Lower Extremity Radicular Pain Relieved With Tetrahydrocannabinol

 

In a small (n = 17 men), double-blind, placebo-controlled study using a counterbalanced within-subjects design, treatment of patients with chronic neuropathic pain with delta-9-tetrahydrocannibinol (THC) resulted in a significant reduction in perceived pain (< .005) compared to placebo (< .05). (Neurology2018;91:1-10.) Women were excluded from the study to control for effect of hormone fluctuations during menstruation on pain.

In a first visit, all patients rated their pain using a 100-point visual analog scale (VAS) and had a functional MRI (fMRI); 9 subjects assigned randomly were then given 15 mg THC oil sublingually and 5 were given a placebo. Pain rating and fMRI were repeated 2 hours after treatment. The fMRI analysis focused on the anterior cingulate cortex (ACC) and pain-related network dynamics using graph theory measures. In a second visit, at least 1 week later, this was repeated, with patients who’d been given THC previously now given placebo and vice versa. Repeated measures of variance analyses were done for each subject to distinguish significant interaction and simple main effects between treatment versus placebo and pretreatment versus posttreatment VAS scores.

Treatment with THC significantly reduced patients’ pain compared to placebo and THC-induced pain relief correlated in a predictive degree with reduced functional activity between the ACC and the sensorimotor cortex. There was also significant reduction in network connectivity in areas involved in pain processing, specifically in the dorsolateral prefrontal cortex (DLPFC) that also were correlated with individual pain reduction.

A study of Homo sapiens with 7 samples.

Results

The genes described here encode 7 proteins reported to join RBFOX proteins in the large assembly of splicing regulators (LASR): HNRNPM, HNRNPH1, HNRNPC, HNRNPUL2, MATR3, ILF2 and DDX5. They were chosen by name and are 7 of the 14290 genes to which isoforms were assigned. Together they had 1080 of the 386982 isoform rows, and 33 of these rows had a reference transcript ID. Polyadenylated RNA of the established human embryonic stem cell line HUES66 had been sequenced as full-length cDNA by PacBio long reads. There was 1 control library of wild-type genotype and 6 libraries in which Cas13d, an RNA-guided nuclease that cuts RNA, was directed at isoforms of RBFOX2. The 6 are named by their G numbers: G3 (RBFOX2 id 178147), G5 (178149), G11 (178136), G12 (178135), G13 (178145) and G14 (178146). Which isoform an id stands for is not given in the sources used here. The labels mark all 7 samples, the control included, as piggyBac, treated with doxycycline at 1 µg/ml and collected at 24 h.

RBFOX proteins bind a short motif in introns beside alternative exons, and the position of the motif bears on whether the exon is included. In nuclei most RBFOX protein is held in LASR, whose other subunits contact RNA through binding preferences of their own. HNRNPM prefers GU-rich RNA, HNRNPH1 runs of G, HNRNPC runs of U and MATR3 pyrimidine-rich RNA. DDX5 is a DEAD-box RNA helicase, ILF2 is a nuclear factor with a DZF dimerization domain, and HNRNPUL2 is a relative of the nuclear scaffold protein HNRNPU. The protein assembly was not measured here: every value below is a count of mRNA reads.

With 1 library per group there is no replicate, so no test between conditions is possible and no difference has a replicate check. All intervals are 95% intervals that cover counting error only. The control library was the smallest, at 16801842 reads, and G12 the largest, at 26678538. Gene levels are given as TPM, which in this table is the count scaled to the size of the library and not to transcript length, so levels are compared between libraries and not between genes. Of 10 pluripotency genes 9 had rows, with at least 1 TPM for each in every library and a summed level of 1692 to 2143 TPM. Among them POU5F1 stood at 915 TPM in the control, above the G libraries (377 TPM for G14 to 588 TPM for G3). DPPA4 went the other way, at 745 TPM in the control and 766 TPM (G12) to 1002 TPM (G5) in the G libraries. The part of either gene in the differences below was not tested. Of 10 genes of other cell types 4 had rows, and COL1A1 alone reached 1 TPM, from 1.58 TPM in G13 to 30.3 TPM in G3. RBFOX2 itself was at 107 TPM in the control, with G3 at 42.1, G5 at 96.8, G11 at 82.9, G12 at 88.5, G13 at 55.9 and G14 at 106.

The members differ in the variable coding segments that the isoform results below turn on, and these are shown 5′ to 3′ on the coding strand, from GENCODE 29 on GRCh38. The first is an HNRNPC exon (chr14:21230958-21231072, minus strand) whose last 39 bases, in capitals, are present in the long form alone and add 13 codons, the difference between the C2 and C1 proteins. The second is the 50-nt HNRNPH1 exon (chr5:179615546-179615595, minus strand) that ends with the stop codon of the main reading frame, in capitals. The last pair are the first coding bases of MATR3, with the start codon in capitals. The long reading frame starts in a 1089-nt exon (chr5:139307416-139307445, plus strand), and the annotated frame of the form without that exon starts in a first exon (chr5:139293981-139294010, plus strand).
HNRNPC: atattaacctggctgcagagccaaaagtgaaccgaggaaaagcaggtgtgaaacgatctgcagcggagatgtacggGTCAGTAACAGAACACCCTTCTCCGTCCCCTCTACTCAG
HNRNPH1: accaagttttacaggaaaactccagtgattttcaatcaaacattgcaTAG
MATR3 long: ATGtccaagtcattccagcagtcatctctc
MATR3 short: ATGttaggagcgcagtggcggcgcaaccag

These results suggest that the ACC and DLPFC, major cognitive-emotional areas, connections to somatosensory areas, are functionally involved in the analgesic effect of THC in chronic pain. It is hypothesized that the baseline functional connectivity between these brain areas may serve as a predictor for the extent of pain relief induced by THC.

 “Pain is a complex experience that involves both the senses and emotions,” said study author Haggai Sharon, MD, of the Sagol Brain Institute, Tel Aviv Medical Center in Israel. “Our study results link pain relief from THC with a reduction in the connections between areas of the brain otherwise heavily connected, suggesting that THC may alleviate pain by disrupting signals between these pain processing pathways.”